The goal of this paper was to introduce a new research field called social media netnography. Making use of spontaneous user-generated-content is a new field in online market research. With the case study of So You Think You Can Dance and X Factor, we demonstrated how we can apply this research design within media research. There are, however, multiple other applications in market research one can think of: it can be used to assess the online brand positioning of your brand against its competitors. Because of the possibilities to let the data speak for itself, it is a valuable tool for generating market insights mentioned about certain themes or by certain target groups. It can be used for evaluating a communication campaign, to follow up the launch of a new product, to dive into customer satisfaction and adapt communication to people‟s day to day vocabulary.

    Although there are even more applications, we also need to mention that it is not applicable for answering all research questions and to make the point that social media netnography has its shortcomings. It is important before even setting up a netnographic study to do a feasibility check: it may very well happen that it is hard to find sufficient and rich conversations about certain (low-involvement) topics. Moreover, it is hard to get a good estimation of the profile of people who are posting the online comments about a certain subject. Despite the vast amount of data, there is coverage error and profiling remains difficult which makes it not feasible to draw a representative picture for a certain population.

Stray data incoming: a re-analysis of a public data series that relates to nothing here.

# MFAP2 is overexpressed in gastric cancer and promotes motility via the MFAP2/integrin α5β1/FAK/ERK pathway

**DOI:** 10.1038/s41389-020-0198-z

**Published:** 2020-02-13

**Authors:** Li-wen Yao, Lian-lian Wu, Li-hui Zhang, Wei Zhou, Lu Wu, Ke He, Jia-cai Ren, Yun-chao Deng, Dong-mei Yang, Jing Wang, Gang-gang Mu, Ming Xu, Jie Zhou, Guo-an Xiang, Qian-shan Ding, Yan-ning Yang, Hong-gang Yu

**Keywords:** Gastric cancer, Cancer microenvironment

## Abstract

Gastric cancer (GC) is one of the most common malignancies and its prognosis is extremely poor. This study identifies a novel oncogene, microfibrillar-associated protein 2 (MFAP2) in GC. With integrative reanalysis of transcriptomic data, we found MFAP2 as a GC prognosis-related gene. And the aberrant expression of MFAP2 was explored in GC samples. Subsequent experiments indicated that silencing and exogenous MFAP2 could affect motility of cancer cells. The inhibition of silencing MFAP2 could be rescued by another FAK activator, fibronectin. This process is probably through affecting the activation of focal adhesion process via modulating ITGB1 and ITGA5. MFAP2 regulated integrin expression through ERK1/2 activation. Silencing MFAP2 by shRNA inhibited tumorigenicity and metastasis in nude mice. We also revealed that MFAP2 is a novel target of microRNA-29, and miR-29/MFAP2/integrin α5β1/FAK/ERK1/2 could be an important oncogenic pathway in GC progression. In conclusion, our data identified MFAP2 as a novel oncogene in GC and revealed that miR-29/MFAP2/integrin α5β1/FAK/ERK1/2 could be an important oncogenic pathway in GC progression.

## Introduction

Social media research netnography is best not considered as a standalone method. In line with other observational research, it delivers the best results when it is combined with other data collection methods. One example is the usage of auto driving sessions (Grant, 2006). Auto driving sessions are generally qualitative discussions (focus groups or interviews) where the results of the observational studies are fed back to the participants so they can give their feedback and enrich the final report.

    Social media research is one of the fastest-evolving types of research. This also implies that some of these guidelines and methods may change in the future. Especially in the field of passive data collection, we recently see a lot of activity: on the one hand, new panel providers emerge solely to sell data that are not collected by actively interviewing research participants but are collected based on observation. And on the other hand, there is increased attention to ethical guidelines for this type of research to better protect the privacy of consumers. Social media research is also not exclusively the domain of market researchers: PR agencies and advertising companies are also providing services in interpreting social media data and might therefore also help to shape or to endanger this new research paradigm.

    Finally, it is not only the guidelines for conducting social media netnography that will evolve: the new consumer is more empowered and will increasingly use social media to give feedback to companies and brands. This implies that internal marketing and customer insights departments and perhaps entire organisations will need to be more tuned to this new way of communication. The market researchers of the future will not only have to excel in asking but they will need to excel in listening. We hope this case on social media netnography has helped to make a first step in that direction!